Practice being adaptable or flexible with your stories. Tell the same story differently to different people. Look at adapting it to the child and how you can use it to engage that individual listener.
SIX GUIDELINES FOR THE STORYTELLER'S VOICE
If you have ever told the story of Goldilocks and the Three Bears you already know something about using the storyteller's voice. When Goldilocks wanders into the home of the Three Bears and says, "I am so hungry," you probably used a high, gentle, childlike voice. When the Three Bears get home and Papa Bear asks, "Who has been eating my porridge?" you may have adopted a deeper, louder, masculine, even growl-like sound. When Mama Bear asks, "Who has been sitting in my chair?" your voice was probably medium-sized, feminine, and maternal. When Baby Bear asks, "Who has been sleeping in my bed?" and then declares, "And she is still there!" your voice is likely to have been high-pitched, squeaky, infant-like, and maybe even excited with the last discovery.
For the storyteller, voice is the main professional tool, the primary mode of communication. Even ifyou are using other aids such as books, puppets, or toys (these will be discussed more in Chap. 3) the voice is still the main instrument to communicate the therapeutic message and, thus, to bring about the therapeutic change.
The use of the following guidelines may help enhance that effectiveness, but, as I mentioned in the "Ten Guidelines for Effective Storytelling," do not get caught up in the techniques. Ifyou are involved in the story, then it is likely that you will be spontaneously using these guidelines in much the same way as you were in telling the tale of Goldilocks and the Three Bears. I offer them merely as pointers that may enhance that process.
Let me give some examples of how voice adapts to the style of the story. First, if the content of the story is a cognitive activity such as thinking through a problem, your voice may model the thoughtful, ponderous nature of the story, being slow, considered, and deliberate. If you are telling a story of physical activity such as in running a race, your voice style may include the energy, the breathless-ness, and the activity ofparticipating in the race.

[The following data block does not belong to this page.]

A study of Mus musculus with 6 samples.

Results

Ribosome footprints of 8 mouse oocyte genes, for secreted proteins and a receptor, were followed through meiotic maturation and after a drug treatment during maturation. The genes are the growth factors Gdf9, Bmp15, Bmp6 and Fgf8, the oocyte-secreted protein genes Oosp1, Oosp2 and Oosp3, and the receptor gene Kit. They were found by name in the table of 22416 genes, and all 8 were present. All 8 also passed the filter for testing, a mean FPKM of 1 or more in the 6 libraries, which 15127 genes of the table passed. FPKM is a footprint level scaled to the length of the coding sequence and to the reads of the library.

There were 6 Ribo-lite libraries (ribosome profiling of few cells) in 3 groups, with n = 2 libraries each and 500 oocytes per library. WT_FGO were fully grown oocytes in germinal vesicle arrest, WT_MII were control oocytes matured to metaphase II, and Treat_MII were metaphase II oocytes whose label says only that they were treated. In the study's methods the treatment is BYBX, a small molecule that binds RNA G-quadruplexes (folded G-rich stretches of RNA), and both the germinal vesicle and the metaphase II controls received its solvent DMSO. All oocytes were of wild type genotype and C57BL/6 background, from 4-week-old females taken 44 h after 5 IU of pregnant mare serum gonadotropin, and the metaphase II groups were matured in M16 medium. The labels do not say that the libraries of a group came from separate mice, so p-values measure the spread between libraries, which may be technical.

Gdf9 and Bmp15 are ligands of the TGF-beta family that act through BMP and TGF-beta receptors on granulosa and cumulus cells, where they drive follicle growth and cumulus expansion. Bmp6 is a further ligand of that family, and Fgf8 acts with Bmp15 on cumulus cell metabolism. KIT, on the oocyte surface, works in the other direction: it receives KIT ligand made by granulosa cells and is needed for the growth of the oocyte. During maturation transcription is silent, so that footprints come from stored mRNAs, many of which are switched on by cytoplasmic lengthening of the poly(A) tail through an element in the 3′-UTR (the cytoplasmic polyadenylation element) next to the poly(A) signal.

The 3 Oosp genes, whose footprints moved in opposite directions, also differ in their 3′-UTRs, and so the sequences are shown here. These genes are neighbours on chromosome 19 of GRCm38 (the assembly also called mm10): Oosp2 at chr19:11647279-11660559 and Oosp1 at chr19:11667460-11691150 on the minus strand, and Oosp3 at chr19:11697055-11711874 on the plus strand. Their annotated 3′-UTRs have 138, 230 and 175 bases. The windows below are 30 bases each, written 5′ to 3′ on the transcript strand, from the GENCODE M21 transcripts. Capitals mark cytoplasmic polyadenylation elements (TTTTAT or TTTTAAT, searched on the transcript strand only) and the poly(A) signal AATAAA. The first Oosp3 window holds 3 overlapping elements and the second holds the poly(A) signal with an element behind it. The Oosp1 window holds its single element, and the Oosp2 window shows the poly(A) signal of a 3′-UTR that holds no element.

Second, style can be influenced by the emotions the story seeks to communicate, as it does spontaneously—our voice sounds different when we are angry, sad, anxious, excited, or relaxed. Have you had the experience of answering the phone with a simple "Hello" when feeling tired, sad or in grief and had the caller, who knows you reasonably well, respond with a concerned enquiry, "Are you okay?" He or she has heard the emotion in just a single word, heard a story in your affective expression.
Ifyou are telling a child a story that begins with the problem of fear, your speech may be rapid, your breathing shallower, and the tone of your voice higher; but as you model the resources of relaxation, your speech can be slower, your respiration more comfortable, and your tone a little lower. Reaching the desired outcome, your style of speech may parallel the joy of achievement, expressed in a lighter, happier tone of voice.
Third, have you noticed how you speak differently to your lover than to your boss, to one gender than to the other, to a child than to an adult? How you use different voices for the different characters in Goldilocks and the Three Bears? We need to look at how we adapt the style of our storytelling to the story's characters as well as to the listener to whom the tale is addressed. Your style of storytelling may be different if the listener is a 2-year-old or a 12-year-old, a girl or a boy, or someone with different cultural or religious values from your own. The bottom line here is to ensure our voice is appropriate to the context, emotion, characters, outcome, and listener of the story.